Millennials are flocking to urban centers with convenient access to housing, work, shops and entertainment. In these areas, micro units — apartments of well under 1,000 square feet — are an emerging trend in real estate development that is perfect for young adults just getting started. Let’s put micro living under the magnifying glass.
What are micro units?
Micro units are super-efficiency apartments of a few hundred square feet, generally located in city centers. A variation on micro units is congregate living, where residents have their own sleeping and bathroom space but share kitchens and dining space much like a dormitory. These tiny living spaces are often near coworking offices where incubator organizations have launched start-up companies. Because shops and entertainment venues are often close at hand, micro unit dwellers have all that they need within easy access. If a city has a good mass transit system, residents may not even need a car.
In cities with high rental rates, the introduction of these new apartments often draws an avalanche of applications. Though the overall rental cost per micro unit may be low because of the apartments’ small size, the price per square foot is at a premium. Square footage varies by city, with the smallest units in areas, such as New York City, where the population density is high.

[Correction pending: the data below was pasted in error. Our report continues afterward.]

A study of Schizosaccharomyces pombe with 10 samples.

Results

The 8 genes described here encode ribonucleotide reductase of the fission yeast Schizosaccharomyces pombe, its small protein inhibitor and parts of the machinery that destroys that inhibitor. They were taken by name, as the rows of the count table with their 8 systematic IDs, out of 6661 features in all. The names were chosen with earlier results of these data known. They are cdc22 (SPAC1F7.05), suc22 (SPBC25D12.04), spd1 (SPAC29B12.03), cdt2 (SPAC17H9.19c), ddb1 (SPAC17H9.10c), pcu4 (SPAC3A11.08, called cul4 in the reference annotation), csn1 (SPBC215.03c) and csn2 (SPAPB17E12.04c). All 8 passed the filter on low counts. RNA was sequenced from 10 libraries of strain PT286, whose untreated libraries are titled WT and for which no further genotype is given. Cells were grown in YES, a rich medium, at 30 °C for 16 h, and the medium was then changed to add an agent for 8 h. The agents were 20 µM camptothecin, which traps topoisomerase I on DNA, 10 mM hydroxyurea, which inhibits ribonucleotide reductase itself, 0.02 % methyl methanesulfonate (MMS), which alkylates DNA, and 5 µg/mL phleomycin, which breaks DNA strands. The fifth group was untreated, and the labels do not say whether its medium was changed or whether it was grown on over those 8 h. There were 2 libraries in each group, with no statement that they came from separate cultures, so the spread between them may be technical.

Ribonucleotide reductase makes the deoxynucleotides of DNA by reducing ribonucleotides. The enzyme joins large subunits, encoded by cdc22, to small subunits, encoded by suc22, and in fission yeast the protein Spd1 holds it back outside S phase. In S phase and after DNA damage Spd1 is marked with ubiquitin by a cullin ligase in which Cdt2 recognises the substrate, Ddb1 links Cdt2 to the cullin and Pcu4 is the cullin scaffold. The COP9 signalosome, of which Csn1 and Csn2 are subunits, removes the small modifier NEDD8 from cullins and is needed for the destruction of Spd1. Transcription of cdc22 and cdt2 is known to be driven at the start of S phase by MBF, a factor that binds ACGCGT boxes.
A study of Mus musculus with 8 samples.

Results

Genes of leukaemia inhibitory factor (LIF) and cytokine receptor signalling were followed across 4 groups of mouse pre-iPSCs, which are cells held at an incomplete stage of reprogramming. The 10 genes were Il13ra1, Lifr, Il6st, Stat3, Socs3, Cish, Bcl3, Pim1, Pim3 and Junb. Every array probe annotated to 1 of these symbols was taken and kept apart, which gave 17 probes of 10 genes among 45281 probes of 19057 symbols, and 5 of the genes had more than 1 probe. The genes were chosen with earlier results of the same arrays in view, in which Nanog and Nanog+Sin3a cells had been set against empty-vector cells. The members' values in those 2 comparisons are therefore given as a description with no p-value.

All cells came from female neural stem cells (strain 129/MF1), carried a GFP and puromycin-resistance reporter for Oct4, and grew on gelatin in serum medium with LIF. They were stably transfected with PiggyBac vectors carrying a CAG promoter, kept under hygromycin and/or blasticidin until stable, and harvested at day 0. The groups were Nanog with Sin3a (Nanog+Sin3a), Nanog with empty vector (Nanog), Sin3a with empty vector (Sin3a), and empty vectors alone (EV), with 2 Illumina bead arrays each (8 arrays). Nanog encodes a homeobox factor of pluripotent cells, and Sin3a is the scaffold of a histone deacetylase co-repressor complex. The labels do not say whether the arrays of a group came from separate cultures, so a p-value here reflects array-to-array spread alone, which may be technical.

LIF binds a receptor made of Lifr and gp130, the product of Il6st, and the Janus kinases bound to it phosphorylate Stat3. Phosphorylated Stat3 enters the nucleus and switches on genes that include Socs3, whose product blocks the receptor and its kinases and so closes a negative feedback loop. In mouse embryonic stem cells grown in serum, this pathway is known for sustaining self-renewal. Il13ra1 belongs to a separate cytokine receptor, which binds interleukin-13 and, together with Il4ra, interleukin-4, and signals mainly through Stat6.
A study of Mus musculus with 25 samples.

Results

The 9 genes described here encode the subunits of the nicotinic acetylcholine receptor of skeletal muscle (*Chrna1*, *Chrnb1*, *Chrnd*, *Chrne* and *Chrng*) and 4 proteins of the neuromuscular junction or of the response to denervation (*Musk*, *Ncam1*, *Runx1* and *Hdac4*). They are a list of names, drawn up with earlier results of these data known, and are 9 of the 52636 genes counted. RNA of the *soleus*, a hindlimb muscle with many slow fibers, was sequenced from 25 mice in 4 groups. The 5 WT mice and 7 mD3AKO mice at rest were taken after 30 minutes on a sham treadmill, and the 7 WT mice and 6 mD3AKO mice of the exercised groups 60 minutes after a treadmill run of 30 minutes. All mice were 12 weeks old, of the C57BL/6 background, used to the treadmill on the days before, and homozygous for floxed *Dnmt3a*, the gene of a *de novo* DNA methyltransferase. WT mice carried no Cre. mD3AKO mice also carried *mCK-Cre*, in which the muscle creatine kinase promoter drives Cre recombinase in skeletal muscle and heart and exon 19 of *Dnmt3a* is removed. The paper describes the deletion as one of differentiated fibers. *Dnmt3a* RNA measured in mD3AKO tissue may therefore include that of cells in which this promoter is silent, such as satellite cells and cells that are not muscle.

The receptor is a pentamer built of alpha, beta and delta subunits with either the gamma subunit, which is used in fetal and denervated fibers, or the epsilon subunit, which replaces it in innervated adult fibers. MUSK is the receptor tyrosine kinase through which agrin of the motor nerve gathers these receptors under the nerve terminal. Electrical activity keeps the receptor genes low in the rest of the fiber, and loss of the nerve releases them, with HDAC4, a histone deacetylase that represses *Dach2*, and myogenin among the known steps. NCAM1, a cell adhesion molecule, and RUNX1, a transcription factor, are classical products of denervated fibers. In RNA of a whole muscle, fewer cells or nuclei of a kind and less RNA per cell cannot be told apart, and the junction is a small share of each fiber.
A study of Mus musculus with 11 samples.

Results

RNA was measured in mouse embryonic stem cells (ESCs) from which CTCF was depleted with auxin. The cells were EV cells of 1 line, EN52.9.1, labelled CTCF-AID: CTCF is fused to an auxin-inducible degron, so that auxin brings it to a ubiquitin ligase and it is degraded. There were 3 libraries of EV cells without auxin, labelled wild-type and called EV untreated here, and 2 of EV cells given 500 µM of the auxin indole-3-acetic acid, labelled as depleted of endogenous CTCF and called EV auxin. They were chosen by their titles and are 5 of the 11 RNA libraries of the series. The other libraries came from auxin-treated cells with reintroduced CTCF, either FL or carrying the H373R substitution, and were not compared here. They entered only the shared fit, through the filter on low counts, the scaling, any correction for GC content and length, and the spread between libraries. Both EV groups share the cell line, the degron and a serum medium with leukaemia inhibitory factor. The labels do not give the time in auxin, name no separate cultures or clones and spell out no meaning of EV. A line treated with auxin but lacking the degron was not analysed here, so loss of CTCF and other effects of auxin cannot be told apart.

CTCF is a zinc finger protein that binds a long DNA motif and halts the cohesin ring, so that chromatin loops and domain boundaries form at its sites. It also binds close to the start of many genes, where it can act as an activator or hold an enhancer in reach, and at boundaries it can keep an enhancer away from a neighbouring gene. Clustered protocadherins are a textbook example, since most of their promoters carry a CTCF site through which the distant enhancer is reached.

Who lives in this housing?
Micro housing began as a way to provide affordable homes to those in need, such as mentally handicapped and/or homeless people and those with low incomes. Now, however, micro units appeal to a wide range of demographics. They have become popular with millennials, particularly singles. These compact living spaces are perfect for those young people who are entering the job market with few possessions and perhaps lots of student loan debt. Baby boomers are also moving to this type of housing to free themselves from maintenance, taxes and other responsibilities of home ownership. Older adults concerned about the cost of living in retirement, as well as those who have encountered a financial setback, also find micro living attractive. It’s not uncommon to see millennials and baby boomers living side by side in micro housing developments.
Regulations may inhibit building
In some cities, developers are encountering delays because local building codes have not caught up to this new trend. Local laws may not allow for as many occupants per building as micro unit developers want to build, or may require that apartments’ minimum square footage exceed the size of a typical micro unit. Minimum parking space requirements also can restrict construction. Developers are working across the country to update these codes.
Seattle pioneered the micro unit movement, yet in recent years developers and city officials there have been engaged in a battle over more restrictive regulations affecting micro unit construction.